Tuesday, June 28, 2011
Friday, June 17, 2011
Ten years ago our big push was kinesthetic learning because we had all these active, hands-on learners who needed to move around the room and get their hands on the material and do something with it in order to stay engaged for learning.
It was easy to do TPR (Total Physical Response) for days and days. It was easy to get actors for stories. You needed Kagan training to learn all the different ways to get kids up and moving.
I still believe in all those techniques and I still make my students get up out of their seats at least once or twice per 90-minute block.
But they aren’t into it like they used to be. They’d rather sit. I hear some people say how “lazy” kids are these days. I don’t find it helpful to ruminate on that thought, but I have recognized that these students are different, and rather than judging it or trying to change it, the important thing is to identify exactly how they are different so that we can use that in our teaching.
They aren’t kinesthetic anymore.
They’re relationship-oriented. (It’s Type 1 on the 4Mat wheel.)
They care about who likes them and who doesn’t like them. They are obsessed with it. Listen to them talk in the hallways. It’s all about which teachers like them and which teachers hate them.
If they think I don’t like them, they will resist everything I try to do like mad. It used to be that if a kid thought you weren’t crazy about them (in second language acquisition theory, anyway) it would raise the affective filter and hinder their learning a bit.
Now there is more at stake than that. Yes, they won’t learn as well, but I can also expect misery in the classroom as far as behavior problems, if they believe I don’t like them.
This year I made absolutely certain that whenever I had to get on to a student, I never, ever let them get the idea I didn’t like them or that I was even mad at them. I showed no anger, ever. My classroom management improved a hundredfold just with this one, simple change.
I know (believe me I know) how hard it is to NOT show anger or even slight perturbation when on the inside you’re seething. But personally, I won’t do it, now that I’ve seen the difference it makes. Not with these kids, these days. If I show anger I’ll pay for it for weeks, maybe months, in a damaged relationship.
My students think I’m the most patient person in the world. Little do they know…I’m just being selfish. J I want students learning Spanish and smooth classroom interactions, in that order. And with today’s kids, that means I’ve got to build relationships. I’ve got to convince them I like them, that I enjoy having them around, that I think they are cool.
It’s weird, too, because the more I’ve worked on convincing them of that, the more it is true. I really do like them, value them, and enjoy their company. We had a blast together this past year. And now they do whatever I ask (for the most part,) because they know I care about them and their learning more than anything else, and because for them, it’s all about relationship.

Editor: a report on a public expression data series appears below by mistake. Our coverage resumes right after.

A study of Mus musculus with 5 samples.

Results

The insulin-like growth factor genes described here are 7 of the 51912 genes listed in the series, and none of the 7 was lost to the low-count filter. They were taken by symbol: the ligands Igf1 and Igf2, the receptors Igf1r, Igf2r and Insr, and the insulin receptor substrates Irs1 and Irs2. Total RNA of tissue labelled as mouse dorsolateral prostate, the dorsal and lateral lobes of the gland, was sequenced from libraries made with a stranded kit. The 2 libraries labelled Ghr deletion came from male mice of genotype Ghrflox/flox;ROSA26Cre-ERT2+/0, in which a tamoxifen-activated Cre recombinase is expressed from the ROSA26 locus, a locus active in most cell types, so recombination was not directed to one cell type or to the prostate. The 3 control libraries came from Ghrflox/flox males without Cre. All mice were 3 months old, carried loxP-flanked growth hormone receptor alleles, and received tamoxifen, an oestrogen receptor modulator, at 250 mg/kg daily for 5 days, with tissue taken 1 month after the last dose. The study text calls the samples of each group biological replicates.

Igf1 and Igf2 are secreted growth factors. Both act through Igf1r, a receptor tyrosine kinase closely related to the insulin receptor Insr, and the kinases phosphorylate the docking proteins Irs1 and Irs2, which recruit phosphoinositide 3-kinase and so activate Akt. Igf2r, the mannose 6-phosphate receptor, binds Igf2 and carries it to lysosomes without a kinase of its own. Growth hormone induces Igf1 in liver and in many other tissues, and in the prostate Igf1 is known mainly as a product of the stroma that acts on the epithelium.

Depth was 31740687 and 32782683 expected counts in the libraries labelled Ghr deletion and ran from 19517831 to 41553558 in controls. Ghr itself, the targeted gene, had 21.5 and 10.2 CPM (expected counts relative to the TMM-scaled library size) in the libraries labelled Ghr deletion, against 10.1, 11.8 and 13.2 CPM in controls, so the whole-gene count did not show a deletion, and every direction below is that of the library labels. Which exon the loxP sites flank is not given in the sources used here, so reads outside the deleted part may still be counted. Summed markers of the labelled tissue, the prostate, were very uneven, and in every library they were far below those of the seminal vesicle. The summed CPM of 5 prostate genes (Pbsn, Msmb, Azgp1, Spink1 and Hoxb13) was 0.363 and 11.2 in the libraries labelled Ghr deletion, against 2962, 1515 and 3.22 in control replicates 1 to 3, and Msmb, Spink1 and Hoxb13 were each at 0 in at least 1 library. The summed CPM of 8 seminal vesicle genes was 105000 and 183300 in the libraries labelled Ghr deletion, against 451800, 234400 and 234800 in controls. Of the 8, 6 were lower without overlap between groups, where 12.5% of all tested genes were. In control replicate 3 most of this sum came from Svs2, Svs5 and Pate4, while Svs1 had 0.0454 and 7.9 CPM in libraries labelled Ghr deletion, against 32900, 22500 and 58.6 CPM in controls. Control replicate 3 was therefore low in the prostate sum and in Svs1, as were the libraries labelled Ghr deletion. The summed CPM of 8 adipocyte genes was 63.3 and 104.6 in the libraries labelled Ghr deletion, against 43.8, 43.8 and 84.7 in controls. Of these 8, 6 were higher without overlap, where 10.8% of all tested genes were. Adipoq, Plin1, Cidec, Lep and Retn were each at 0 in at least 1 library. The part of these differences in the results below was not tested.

Saturday, June 11, 2011
(**Okay, disclaimer about meetings: There are, of course, some meetings you should attend, like IEPs, RTIs, entire-staff meetings especially at the beginning of the year, etc. Also, if you are in your first year, my advice is be sure to attend everything that is expected of you but avoid taking on too many additional committees, clubs, etc. if possible.)
If students are learning Spanish and enjoying it, my goals are met. If every student in my room makes progress on his or her own scale and feels good about taking Spanish, my goals are met. If 90-99% of them go on to take the next level of Spanish, my goals are met.
Sunday, June 5, 2011
Good teaching is hard to pull off. Let’s talk.
I’m licensed as a “Master Teacher” in the state of Colorado, and hold National Board Certification in World Languages Other than English. I’ve taught middle school, high school, and adults. I have 12 years experience in education, and from my second year of teaching, I’ve mentored and trained several other teachers.
And I’m still figuring out how to do my job.
I think teaching in public school is the hardest job on earth to do well. Just my opinion, based on personal experience and observation. Unlike some teachers, I've had a variety of other jobs. I've sold snowcones at carnivals, plowed wheat fields with a tractor, been in the Army, worked as a switchboard receptionist managing 40 incoming phone lines, worked in women’s clothing retail, supervised 10 teachers as the ELL coordinator for my school district, and written an online course for a university. Teaching in a public K-12 classroom is by far harder than any of those jobs.
Yet I choose to do it on purpose. Why?
I love the challenge, and when I actually pull off an excellent day of teaching, I feel like a million bucks.
Seeing students learn and enjoy it is incredibly fulfilling.
I know the average human could not step into my classroom and do what I do, and that makes me feel pleasantly smug.
The U.S. is in desperate need of good teachers.
My students give me so much love and joy. Usually.
I know that I am making a huge difference in a lot of young people’s lives. Hopefully mostly for the better.